BBQ CyberQ Temperature Control Allow Remote Access

Enable port forwarding to allow remote access

Port forwarding is a setting in your router that will enable you to access the CyberQ when you are away from home. When the setting is enabled, your router will direct a request coming in from the Internet to a device or program on your network. This is the same technology that enables you to see remote Web cams and participate in online gaming. The CyberQ requires a single port to operate, so it is relatively simple to set up.

Again, you need to access your router’s web interface. Look for a menu item, a link, or a tab that will usually be labeled Port Forwarding, or NAT/Gaming, or it may be in a section dealing with firewalls and/or security.

Once you find the port forwarding section, you will probably see a table or grid showing active definitions. The definition will involve an application name, an internal and external port, plus an IP address. Many times, you can select a pre-defined application from a drop-down box; if so, you will want to select HTTP, as the CyberQ responds to Web requests. Port assignments will, at least initially, be set to 80, and the IP address will be the CyberQ’s reserved address.

When you have entered these values and saved them, many times remote access will be up and running. In order to access your router when you are away from home, you will need to know the Internet address your service provider has assigned your network, called a public IP address. An easy way to find this is to open a browser tab and go to www.whatismypublicip.com. This website will display your current public IP address.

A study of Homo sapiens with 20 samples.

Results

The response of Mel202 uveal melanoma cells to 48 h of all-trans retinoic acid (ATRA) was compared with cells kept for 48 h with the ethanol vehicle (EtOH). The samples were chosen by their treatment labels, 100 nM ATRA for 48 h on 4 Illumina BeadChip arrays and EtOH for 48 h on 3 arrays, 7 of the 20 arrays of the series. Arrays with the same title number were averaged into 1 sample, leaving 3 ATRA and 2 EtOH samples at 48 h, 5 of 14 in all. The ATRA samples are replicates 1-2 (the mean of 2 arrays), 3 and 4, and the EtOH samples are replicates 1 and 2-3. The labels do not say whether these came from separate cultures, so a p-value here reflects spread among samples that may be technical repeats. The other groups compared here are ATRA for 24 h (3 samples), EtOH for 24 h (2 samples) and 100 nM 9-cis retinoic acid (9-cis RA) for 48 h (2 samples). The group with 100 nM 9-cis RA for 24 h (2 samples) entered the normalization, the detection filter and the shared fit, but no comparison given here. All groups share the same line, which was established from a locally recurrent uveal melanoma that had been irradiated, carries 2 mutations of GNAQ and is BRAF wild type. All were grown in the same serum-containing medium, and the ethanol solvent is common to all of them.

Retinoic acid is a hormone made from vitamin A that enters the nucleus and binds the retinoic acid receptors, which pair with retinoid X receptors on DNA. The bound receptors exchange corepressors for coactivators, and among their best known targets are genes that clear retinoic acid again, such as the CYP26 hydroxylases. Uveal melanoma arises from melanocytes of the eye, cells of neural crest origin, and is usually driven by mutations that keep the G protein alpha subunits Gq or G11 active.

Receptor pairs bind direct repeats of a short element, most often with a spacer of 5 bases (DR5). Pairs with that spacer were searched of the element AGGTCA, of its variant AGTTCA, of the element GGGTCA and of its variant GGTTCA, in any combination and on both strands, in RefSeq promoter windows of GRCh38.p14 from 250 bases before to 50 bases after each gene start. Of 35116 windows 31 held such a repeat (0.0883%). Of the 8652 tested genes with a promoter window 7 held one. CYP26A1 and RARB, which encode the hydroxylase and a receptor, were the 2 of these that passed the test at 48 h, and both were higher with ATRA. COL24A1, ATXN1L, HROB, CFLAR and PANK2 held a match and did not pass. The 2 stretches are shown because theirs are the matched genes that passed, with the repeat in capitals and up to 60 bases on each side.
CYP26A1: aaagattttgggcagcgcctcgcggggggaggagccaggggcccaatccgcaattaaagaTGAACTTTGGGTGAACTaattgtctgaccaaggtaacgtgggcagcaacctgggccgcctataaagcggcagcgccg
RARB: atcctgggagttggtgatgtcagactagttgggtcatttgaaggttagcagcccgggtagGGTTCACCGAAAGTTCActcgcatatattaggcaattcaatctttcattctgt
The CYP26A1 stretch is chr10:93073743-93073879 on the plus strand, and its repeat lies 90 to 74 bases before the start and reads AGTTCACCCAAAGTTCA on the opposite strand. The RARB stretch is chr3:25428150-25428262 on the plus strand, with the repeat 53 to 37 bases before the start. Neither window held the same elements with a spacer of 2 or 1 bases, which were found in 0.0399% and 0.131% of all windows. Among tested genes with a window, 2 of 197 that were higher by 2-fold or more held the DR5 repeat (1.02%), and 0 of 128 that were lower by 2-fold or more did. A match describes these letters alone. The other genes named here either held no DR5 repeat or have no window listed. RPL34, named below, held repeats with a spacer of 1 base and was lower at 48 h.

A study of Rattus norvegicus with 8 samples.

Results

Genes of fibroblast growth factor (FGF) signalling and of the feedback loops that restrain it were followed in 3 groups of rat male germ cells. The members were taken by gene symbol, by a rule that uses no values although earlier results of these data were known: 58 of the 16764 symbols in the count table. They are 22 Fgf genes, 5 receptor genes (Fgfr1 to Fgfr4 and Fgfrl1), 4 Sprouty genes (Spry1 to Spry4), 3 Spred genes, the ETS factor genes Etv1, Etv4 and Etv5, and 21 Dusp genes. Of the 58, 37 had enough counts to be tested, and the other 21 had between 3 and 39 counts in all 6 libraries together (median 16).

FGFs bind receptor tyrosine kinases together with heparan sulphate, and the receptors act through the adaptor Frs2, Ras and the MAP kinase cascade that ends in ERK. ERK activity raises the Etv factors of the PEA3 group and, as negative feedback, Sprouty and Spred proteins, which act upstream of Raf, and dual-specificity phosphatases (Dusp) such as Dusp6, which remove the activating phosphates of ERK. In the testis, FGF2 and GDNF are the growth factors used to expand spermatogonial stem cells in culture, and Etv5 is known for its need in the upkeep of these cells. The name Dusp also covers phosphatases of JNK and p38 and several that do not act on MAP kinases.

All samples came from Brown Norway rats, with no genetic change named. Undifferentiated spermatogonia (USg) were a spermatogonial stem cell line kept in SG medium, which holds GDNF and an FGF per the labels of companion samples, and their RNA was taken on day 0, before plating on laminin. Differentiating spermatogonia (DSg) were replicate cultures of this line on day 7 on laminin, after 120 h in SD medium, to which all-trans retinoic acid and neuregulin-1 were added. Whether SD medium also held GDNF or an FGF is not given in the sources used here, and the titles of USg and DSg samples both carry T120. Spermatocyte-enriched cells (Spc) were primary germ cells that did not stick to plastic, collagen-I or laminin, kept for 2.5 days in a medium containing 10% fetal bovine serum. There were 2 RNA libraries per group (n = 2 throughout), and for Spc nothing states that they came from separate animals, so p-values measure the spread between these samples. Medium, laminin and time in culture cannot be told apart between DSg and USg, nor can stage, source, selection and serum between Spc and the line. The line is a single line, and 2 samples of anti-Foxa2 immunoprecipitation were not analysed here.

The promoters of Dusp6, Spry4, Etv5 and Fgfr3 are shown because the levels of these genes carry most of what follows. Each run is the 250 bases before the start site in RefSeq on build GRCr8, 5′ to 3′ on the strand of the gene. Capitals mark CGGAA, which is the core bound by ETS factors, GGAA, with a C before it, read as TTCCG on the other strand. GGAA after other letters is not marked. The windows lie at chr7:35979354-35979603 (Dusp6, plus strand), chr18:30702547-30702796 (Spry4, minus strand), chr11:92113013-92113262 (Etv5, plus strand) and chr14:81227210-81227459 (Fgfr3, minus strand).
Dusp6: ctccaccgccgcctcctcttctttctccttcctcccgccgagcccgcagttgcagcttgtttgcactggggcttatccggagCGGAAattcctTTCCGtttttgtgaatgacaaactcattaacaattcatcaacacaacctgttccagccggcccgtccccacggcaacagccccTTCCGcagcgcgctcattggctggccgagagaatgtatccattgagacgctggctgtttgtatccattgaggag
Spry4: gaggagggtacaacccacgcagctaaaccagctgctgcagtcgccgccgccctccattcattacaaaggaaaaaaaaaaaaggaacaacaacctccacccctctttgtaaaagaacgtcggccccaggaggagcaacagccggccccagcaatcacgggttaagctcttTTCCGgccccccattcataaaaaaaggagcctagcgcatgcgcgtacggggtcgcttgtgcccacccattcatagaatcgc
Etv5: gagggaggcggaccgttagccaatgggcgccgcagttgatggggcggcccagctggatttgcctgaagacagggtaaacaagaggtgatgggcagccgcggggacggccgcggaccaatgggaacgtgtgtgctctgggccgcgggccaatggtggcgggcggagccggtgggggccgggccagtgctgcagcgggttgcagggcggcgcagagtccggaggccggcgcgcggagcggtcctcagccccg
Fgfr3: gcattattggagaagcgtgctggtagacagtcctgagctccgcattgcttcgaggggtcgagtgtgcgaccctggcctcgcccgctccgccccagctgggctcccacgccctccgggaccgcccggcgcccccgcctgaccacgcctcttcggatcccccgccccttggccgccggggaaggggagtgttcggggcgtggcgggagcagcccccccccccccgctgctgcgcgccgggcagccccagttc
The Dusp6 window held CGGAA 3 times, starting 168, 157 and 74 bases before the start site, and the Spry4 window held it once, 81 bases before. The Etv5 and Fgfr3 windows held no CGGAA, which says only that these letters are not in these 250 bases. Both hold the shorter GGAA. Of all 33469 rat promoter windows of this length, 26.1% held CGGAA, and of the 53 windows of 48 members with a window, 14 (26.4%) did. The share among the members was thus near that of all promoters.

To test port forwarding, take your smartphone and turn WiFi off so it is running on cellular Internet. Open up a browser and type in the public IP address you got from www.whatismypublicip.com. Hopefully, your smartphone will pull up the main CyberQ page, and you will be done.

If the page does not pull up, you need to review the port forwarding settings already in place. Some routers or ISPs reserve port 80 for internal use. In this case, you will have to go to the CyberQ WiFi setup page and change the HTTP port to a different value, like 8080. Click the Submit Values button and power-cycle the CyberQ.

Now to access the CyberQ, you will have to add :8080 to the end of its network IP. It will look like this: 192.168.1.xx:8080. Once you enter that into your browser, the CyberQ will pop up again.

Switch back to the router interface and change the port forwarding definition to use port 8080 and save/apply the change. Test with your smartphone again, this time adding :8080 to your public IP address. If this works, you are done. If not, go back and restore the CyberQ to use port 80.

Sometimes, an ISP – especially DSL providers – give you a cable or DSL modem, and then you add a router. But the unit they give you may also have a router in it. This causes a condition blocking the CyberQ from receiving remote requests. The same condition can be caused if you use a second router to try and extend WifFi signal to your cooking area.

The first situation can be solved by putting the combination in “bridge mode”, which disables its router functions. Then all router functions happen through your own device and nothing is blocked. The second situation is solved by turning the second router into an “access point” or range extender, so all IP addresses and firewall functions are handled through the main router.

We cannot cover or support every possibility of network configuration. The control software of every router is different, so you'll have to determine how to access the settings yourself. As noted earlier, some ISPs block incoming ports and you will have to contact your ISP to confirm this.

IF YOU HAVE DIFFICULTY GETTING PORT FORWARDING SET UP ON YOUR OWN, WE OFFER REMOTE SUPPORT APPOINTMENTS TO ASSIST YOU WITH THIS PROCESS. PLEASE CONTACT: customerservice@thebbqguru.com . BECAUSE THIS IS ACTUALLY TECH SUPPORT OF YOUR ROUTER AND HOME NETWORK, WE MAY CHARGE A $50 FEE FOR THIS SERVICE.

We assume no liability for damage done to your network system by trying to get it to function with the CyberQ Wi-Fi. If you are not comfortable with setting up Infrastructure mode, consult someone who is, or use the CyberQ Wi-Fi in Hot-spot mode (as described in section 9) or as a standalone unit.